Trenchless keeps traffic moving.
Because infrastructure repairs are an ongoing concern of municipalities, finding cost-effective solutions to both emergency repairs and regular maintenance is a daily challenge faced by public works departments. While a Chicago public works team was inspecting targeted sections of older pipe as part of its preventive maintenance program, it discovered a collapsed section of brick sewer, which resulted in roadway damage and expensive emergency repair work.
After the situation was under control, the city initiated a survey of the entire pipeline to troubleshoot future problems. The survey revealed that much of the pipe was in need of some kind of repair, including another 170-foot section near collapse. The city’s immediate goal was to repair this pipe without completely shutting down traffic flow. The best option was trenchless pipeline reconstruction, using a corrosion-resistant, structurally sound cured-in-place pipe (CIPP).
Public works officials worked with InLiner USA/Kenny Construction, Chicago, to complete the repairs. Because the pipe was located underneath a major thoroughfare with elevated railroad tracks passing over the road, the workers were concerned that the vibrations could cause the structure to collapse at any time. “During the inspection you could see the asphalt in the road from the voids at the crown of the pipe,” says Ralph Bonanotte, project supervisor.
Normally, the pipe would have been cleaned prior to installation of the CIPP, but due to the possibility of collapse, this was not possible. “We had to avoid the normal cleaning techniques for fear that the sewer would collapse even more,” Bonanotte says. Grout was used to fill the large voids after the combined sewer was relined as a safety precaution to stabilize the area surrounding the pipe. In addition, possible damage to the overhead railroad supports was avoided.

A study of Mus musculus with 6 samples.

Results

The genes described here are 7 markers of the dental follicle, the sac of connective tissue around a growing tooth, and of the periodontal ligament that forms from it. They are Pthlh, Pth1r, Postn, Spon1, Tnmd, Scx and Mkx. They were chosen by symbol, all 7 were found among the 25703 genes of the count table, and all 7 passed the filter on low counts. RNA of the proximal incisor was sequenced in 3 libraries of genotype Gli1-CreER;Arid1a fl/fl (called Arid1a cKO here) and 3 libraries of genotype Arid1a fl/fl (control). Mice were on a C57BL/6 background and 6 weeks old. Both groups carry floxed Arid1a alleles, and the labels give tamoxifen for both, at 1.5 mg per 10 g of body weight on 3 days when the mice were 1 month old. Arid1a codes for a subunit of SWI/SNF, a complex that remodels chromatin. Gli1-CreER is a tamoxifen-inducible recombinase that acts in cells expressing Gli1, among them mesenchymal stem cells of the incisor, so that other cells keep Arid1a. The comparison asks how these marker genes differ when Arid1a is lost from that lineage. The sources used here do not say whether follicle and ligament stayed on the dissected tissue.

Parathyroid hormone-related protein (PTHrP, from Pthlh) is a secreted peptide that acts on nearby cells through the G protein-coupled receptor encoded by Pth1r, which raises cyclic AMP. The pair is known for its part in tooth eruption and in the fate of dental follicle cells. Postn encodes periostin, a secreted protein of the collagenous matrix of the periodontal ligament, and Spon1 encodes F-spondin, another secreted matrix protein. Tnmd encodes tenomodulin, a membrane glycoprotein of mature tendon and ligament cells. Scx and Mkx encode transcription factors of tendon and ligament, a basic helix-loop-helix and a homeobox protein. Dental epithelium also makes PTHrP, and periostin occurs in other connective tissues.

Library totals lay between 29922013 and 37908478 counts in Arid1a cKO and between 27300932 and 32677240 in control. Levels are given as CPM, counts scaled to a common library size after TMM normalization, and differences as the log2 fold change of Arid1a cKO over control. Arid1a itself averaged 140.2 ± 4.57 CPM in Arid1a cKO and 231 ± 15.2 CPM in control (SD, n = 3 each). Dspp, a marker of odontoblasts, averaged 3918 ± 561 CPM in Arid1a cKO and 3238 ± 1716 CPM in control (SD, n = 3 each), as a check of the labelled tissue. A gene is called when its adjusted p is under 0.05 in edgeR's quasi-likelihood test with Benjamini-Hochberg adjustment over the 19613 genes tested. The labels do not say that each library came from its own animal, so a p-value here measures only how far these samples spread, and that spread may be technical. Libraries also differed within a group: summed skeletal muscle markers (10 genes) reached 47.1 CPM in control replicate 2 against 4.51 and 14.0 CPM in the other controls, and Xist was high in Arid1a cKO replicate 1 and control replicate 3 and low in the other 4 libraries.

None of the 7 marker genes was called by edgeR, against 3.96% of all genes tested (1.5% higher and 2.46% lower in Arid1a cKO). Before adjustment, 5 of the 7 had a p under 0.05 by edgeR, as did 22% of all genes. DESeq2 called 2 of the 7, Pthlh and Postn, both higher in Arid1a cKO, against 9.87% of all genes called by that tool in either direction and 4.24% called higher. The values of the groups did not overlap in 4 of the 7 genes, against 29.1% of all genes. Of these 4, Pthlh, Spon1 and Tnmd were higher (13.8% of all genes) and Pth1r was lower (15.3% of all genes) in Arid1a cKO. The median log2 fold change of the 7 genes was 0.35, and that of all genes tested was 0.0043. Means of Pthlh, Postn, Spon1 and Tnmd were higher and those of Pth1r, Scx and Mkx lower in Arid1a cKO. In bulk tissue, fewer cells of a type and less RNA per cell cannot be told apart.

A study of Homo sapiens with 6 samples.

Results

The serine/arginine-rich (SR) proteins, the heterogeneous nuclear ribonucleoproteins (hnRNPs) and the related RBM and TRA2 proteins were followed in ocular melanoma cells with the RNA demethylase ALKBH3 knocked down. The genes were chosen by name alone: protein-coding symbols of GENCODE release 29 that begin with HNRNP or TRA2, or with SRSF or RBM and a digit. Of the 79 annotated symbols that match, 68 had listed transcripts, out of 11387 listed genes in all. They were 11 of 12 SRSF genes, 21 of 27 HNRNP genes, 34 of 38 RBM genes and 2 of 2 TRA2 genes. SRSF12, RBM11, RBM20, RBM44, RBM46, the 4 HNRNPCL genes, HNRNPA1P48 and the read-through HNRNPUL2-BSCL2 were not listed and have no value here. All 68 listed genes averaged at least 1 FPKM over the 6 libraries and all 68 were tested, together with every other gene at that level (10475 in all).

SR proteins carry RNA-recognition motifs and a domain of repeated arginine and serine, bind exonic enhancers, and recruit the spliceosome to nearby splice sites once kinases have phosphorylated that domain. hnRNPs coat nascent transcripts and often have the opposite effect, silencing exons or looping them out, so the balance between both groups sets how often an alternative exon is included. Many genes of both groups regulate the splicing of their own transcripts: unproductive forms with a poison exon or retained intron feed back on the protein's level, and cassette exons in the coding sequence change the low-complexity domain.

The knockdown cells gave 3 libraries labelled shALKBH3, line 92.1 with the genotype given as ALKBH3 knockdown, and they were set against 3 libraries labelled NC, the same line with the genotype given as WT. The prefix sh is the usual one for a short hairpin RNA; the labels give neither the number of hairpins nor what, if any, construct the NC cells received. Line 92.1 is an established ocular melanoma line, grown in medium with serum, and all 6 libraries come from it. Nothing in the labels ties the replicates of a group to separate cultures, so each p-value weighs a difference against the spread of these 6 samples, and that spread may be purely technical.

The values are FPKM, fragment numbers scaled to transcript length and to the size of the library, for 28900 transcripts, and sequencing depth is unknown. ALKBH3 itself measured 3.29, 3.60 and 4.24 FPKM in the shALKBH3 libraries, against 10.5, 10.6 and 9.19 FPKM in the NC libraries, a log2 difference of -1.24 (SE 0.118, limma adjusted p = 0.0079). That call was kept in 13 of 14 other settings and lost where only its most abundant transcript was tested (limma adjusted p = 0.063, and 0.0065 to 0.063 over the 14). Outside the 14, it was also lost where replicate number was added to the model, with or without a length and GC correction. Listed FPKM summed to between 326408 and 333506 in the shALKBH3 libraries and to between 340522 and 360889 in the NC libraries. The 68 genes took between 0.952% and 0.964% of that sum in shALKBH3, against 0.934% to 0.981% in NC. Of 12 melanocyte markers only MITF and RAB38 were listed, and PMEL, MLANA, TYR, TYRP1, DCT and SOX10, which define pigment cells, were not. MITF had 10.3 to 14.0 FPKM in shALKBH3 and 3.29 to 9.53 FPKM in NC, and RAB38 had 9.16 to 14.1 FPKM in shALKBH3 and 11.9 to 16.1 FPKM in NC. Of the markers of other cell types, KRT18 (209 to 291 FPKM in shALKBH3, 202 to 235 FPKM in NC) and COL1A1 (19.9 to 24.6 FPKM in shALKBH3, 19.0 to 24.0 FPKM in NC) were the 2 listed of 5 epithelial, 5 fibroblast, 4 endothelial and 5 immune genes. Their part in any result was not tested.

The inversion process involves a pliable felt tubular liner saturated with a thermosetting vinyl resin, which is pulled through from manhole to manhole. An internal calibration hose is inverted into the existing tube and forced through the liner with a column of water. This hydrostatic water pressure causes the tube to fuse with any irregular shapes of the existing pipe. Hot water circulated though the pipe hardens the tube, forming a self-supporting “pipe-within-a-pipe” that is structurally sound, jointless and impermeable with a unique locking bond to the host pipe.
The resin flows into cracks and voids during the inversion process, reducing infiltration and exfiltration. Finally, the ends of the pipe are trimmed and service lateral connections are reinstated using camera-equipped, remote-controlled robotic cutters.
The flexible CIPP process can reconstruct hundreds of feet of pipe ranging from 3 inches to 96 inches in diameter, accommodating any offsets and bends. Cured-in-place pipe also resists long-term corrosion and stops root intrusion.